One climate ambassador talks about her experience on Mount Desert Island.

MOUNT DESERT, Maine — Tackling a big issue like climate change is no small task, but one group on Mount Desert Island is rising to the challenge by getting the community involved.

"I've been worried about what I've been seeing from biodiversity loss and just wanted to take some action, and I thought they could help me take some action," climate ambassador Molly Mulhern said.

Mulhern heard about a program called A Climate to Thrive through word of mouth in Down East, Maine. She has been going to climate meetings with the group for several weeks and said it’s having a positive impact on her life. The climate ambassadors program helps residents use their unique talents to inspire others. Mulhern said her career as an author of nautical books makes it easy for her to connect with other Mainers about climate.

"Meeting the people in the same place that I'm at has made me feel like I'm not alone. Also, I've heard what people have been up to in various communities," Mulhern said. 

By creating climate action plans with community members and training themselves to help other people, Molly said it’s been one of the biggest benefits of joining.

"Just sort of seeing the power of each of us but knowing that other people are also working on it somehow makes me feel like I'm not so alone at it," Mulhern said.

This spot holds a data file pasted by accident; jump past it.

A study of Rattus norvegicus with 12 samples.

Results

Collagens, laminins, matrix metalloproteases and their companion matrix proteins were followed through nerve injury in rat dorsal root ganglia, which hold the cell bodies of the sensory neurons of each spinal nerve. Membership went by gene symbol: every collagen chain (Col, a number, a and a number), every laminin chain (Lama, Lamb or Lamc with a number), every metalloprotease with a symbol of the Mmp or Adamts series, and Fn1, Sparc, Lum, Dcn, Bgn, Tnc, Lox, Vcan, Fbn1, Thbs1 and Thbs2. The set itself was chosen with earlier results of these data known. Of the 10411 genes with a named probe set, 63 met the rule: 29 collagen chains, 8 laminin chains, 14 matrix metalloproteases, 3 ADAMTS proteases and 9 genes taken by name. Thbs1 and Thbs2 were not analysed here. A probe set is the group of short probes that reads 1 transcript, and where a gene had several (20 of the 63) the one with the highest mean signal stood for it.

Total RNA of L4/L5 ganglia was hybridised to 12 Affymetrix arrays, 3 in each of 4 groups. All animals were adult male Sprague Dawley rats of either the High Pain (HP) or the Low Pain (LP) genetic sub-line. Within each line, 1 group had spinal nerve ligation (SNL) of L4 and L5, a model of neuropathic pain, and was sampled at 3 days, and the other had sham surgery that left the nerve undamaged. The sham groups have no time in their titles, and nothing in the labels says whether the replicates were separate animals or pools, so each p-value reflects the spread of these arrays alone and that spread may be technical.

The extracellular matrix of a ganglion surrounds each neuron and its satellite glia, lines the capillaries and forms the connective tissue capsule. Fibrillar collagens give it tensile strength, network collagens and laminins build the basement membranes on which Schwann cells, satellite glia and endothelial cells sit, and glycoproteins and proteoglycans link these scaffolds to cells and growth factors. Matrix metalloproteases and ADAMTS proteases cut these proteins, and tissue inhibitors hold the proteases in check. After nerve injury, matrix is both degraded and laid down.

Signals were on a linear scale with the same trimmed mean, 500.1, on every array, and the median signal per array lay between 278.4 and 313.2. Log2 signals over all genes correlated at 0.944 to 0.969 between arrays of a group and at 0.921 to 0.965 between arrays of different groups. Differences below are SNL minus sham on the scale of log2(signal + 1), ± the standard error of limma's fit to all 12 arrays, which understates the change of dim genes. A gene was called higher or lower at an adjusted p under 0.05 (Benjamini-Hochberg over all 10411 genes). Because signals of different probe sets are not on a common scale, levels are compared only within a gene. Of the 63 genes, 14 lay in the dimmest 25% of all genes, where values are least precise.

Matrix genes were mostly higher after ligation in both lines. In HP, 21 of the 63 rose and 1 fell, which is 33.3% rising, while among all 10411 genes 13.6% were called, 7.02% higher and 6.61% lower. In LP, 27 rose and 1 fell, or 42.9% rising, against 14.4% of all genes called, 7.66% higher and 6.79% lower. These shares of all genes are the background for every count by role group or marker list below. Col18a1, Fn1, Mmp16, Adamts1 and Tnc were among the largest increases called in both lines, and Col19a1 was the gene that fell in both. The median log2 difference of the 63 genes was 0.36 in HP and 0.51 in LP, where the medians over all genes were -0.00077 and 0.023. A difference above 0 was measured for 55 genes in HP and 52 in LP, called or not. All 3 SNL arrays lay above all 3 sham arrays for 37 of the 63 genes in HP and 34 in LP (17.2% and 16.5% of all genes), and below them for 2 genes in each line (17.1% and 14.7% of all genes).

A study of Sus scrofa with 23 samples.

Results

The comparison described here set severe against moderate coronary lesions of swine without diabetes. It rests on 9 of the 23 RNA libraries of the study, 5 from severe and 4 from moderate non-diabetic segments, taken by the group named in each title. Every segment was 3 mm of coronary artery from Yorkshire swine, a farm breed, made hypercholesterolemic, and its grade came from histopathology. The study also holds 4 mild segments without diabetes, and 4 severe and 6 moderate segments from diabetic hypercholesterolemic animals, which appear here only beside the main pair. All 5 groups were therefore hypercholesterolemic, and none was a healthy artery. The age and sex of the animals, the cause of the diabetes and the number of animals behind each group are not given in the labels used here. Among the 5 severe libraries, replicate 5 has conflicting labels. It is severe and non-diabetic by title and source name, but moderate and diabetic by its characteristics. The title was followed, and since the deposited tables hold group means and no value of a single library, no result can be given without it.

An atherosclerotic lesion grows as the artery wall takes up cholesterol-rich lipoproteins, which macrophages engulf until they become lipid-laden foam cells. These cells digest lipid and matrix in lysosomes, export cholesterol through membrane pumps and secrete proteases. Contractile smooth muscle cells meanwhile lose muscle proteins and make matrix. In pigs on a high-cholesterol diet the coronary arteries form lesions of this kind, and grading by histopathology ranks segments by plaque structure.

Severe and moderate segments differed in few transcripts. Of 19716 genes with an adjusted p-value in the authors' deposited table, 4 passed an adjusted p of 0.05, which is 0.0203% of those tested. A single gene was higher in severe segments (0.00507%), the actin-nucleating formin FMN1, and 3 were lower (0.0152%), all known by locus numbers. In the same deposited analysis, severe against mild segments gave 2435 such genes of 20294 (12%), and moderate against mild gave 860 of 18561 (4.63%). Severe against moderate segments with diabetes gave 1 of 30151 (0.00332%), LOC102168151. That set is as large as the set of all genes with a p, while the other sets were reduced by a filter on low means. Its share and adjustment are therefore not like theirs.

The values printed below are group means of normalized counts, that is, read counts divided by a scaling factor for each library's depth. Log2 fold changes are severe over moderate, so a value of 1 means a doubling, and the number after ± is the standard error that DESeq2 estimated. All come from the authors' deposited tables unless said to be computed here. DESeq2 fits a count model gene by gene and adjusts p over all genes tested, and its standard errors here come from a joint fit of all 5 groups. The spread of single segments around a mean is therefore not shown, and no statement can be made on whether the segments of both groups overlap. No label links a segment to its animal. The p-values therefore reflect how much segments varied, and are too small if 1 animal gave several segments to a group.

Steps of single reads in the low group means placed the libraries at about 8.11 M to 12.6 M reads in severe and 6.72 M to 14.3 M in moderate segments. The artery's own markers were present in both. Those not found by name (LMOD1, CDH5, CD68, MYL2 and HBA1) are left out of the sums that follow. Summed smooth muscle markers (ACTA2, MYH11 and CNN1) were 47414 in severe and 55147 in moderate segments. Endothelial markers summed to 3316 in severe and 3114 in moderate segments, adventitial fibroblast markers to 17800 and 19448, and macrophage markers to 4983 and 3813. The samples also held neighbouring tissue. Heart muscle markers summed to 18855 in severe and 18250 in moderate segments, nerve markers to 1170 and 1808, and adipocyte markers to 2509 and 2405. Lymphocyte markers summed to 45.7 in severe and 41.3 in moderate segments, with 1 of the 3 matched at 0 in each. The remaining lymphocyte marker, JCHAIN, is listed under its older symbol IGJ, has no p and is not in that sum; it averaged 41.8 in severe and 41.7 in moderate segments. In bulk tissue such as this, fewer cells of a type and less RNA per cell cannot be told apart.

Maine’s changing climate is on the minds of many people trying to make a difference. 

A Climate to Thrive started a pilot program last fall on MDI. The program supports people and gives them tools to engage in solutions locally by educating them on basic climate science and big emissions producers.

“Transportation is a major source of greenhouse gas emissions. Buildings are also a major source of emissions. We have significant heating needs," Naomi Albert said. 

Albert is the project manager for A Climate to Thrive. It’s a nonprofit organizing sessions in the fall and spring to help Mainers solve the climate problems they are facing. This isn’t just a local issue, though.

“I think that we see Mount Desert Island as a model for where the rest of the state can go, and we would really like to build that model and then share what we’ve learned statewide," Albert said. 

They started off with 200 participants at launch, and plenty of feedback has helped the program expand statewide. Mulhern said the meetings have helped a lot and can help other Mainers, too.

One thing most can agree on is that climate change is not a local problem. It's global. And that can be overwhelming to some people. Mulhern said it starts with one person making a difference.

"But I've really seen the power of each one of us. If we think about it [in terms] of each one of us here in Maine working door to door, that's a huge bunch of people we can begin to affect and along the way acknowledge how hard it is," Mulhern said.

If enough people get involved on MDI, a lot could change. Albert’s goal is a big one, but she said it could be a game-changer for Maine.

“We envision an island that is powered through renewable energy where there is equitable ownership over climate solutions," Albert said. 

Mulhern said climate change is such a big, global issue that it can be overwhelming. But by creating climate action plans and getting the word out in communities, Mainers can all make a difference one step at a time.

"I think we will be making a difference. And we are making a difference little bit by [a] little bit. And I think it all adds up," Mulhern said.